Iran says locally made COVID-19 vaccine ready to move to human testing

Iran is ready to move to human trials for a locally produced coronavirus vaccine,  according to the country’s health minister.

“We have passed the vaccine tests on animals and are ready to enter the human trial phase,” Iranian Health Minister Saeed Namaki was quoted as telling his Iraqi counterpart in a conversation Friday, according to Iran’s Fars news agency.

Namaki said Iran would try and buy international vaccines as soon as they were ready but was also developing a home-grown shot.

He promised to share it with Iraq as soon as it was ready.

Iran’s death toll from COVID-19 has so far passed 22,000 out of 382,772 confirmed cases. The country has had the first and worst outbreak in the region.

Iran last week opened the new school year after nearly seven months of closure.

In a video conference, President Hassan Rouhani said the education of 15 million students is as important as the health system.

“Education will not be closed in our country even under the worst situation,” he said, urging authorities to implement health measures in schools to the level of those in military garrisons.

The reopening of schools came as many expressed concern over a possible increase in infections, including medical professionals.

Dozens of coronavirus vaccines are in various stages of testing around the world.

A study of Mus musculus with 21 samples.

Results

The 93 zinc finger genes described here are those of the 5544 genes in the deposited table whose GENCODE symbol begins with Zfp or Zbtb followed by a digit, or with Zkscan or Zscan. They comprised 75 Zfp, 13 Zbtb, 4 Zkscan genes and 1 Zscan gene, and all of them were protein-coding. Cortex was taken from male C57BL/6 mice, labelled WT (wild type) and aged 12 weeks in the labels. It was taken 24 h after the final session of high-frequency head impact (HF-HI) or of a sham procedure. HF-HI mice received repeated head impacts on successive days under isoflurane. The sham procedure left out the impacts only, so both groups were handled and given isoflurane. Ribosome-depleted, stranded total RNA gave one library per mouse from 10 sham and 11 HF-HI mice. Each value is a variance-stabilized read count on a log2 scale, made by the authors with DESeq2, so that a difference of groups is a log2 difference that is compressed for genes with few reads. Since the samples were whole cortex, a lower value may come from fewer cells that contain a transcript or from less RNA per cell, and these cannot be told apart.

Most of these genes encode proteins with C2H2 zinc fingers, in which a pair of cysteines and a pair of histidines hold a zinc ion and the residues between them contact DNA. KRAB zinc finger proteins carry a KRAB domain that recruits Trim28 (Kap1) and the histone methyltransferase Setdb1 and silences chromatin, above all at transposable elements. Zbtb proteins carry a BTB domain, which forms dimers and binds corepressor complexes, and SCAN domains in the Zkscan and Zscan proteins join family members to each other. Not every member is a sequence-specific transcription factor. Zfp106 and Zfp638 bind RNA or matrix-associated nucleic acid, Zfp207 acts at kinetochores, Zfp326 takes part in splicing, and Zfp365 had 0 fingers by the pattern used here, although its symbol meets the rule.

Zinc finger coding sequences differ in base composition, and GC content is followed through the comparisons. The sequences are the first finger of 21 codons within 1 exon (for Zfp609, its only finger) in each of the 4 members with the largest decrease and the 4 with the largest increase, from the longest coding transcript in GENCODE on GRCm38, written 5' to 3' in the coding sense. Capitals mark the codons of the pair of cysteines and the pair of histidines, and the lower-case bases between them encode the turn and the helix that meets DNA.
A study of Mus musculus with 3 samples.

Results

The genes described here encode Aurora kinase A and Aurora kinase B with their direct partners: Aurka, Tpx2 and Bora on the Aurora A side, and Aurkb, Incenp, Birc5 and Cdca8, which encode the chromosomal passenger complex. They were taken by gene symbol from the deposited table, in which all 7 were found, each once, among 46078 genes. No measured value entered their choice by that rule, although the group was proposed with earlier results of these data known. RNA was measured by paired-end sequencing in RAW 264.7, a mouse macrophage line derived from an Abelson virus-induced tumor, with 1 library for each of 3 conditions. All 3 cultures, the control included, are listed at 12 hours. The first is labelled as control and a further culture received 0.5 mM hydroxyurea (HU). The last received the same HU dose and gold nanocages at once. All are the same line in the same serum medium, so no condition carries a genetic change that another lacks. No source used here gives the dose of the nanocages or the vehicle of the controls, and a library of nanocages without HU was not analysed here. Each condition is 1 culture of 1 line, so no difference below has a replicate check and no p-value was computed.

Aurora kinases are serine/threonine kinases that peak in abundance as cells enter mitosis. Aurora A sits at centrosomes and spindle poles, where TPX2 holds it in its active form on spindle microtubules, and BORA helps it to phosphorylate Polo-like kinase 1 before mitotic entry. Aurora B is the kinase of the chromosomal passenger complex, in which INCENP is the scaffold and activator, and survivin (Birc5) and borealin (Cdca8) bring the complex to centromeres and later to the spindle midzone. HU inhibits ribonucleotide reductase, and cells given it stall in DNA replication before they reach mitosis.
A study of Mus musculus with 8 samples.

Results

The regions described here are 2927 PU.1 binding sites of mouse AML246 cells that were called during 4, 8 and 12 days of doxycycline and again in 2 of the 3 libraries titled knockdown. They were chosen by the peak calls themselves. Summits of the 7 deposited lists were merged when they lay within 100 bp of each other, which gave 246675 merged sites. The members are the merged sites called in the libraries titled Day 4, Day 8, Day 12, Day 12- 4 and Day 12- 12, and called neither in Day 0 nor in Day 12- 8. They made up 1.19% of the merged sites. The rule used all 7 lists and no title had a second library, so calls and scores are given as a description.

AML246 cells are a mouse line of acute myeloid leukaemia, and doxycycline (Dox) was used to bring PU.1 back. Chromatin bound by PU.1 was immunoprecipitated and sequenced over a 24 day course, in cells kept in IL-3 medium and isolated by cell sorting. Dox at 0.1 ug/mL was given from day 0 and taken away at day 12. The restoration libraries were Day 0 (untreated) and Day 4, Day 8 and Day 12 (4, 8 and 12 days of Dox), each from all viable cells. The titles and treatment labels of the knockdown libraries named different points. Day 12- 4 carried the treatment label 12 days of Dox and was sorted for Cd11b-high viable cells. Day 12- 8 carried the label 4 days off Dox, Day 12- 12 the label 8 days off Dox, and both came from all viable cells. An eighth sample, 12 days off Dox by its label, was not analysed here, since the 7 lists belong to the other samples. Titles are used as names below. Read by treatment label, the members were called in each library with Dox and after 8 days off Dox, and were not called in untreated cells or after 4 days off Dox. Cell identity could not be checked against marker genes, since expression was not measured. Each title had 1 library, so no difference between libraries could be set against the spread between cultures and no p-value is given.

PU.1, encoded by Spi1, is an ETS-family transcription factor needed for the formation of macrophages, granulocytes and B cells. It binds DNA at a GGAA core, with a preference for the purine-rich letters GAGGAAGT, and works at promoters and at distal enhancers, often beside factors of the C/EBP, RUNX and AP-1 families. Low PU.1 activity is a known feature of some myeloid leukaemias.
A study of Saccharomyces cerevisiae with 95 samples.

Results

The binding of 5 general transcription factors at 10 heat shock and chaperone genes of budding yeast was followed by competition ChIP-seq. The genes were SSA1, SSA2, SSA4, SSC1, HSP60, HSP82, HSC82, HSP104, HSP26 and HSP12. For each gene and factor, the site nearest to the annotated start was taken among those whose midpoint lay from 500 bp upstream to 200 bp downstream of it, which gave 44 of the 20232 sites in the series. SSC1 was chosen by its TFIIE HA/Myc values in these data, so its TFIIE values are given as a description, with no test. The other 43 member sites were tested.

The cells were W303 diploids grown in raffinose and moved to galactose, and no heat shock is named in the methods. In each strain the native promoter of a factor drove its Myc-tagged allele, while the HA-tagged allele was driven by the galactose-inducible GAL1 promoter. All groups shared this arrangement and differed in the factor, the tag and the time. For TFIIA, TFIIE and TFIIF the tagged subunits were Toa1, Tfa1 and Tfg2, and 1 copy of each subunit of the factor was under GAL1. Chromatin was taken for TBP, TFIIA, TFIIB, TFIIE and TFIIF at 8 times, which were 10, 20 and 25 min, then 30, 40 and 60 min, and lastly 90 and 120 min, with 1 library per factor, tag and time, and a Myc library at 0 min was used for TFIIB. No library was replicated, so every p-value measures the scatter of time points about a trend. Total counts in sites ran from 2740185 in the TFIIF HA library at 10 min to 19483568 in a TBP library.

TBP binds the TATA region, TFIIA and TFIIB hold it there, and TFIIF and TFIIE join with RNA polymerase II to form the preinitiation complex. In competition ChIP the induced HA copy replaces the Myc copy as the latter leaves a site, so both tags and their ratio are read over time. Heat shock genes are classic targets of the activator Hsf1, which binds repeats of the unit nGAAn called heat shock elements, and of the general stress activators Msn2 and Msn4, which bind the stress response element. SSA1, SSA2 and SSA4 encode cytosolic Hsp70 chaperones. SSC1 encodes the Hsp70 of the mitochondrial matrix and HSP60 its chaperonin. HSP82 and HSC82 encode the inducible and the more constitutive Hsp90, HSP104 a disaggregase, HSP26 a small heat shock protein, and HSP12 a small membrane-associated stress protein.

A medical worker gives coronavirus vaccine candidate to a volunteer during a trial at a community health center in Bandung, West Java, Indonesia, Friday, Aug. 14, 2020. Indonesia’s only vaccine production company has started this week a so-called phase 3 clinical trials to test a potential coronavirus vaccine developed by a Chinese company. (AP Photo/Kusumadirezza)

Oxford University announced Saturday it was resuming a trial for a coronavirus vaccine it is developing with pharmaceutical company AstraZeneca, a move that comes days after the study was suspended following a reported side-effect in a UK patient.

The vaccine being developed by Oxford and AstraZeneca is widely perceived to be one of the strongest contenders.

Two other vaccines are in huge, final-stage tests in the United States, one made by Moderna Inc. and the other by Pfizer and Germany’s BioNTech.

Scientists and others around the world, including experts at the World Health Organization, have sought to keep a lid on expectations of an imminent breakthrough for coronavirus vaccines, stressing that vaccine trials are rarely straightforward.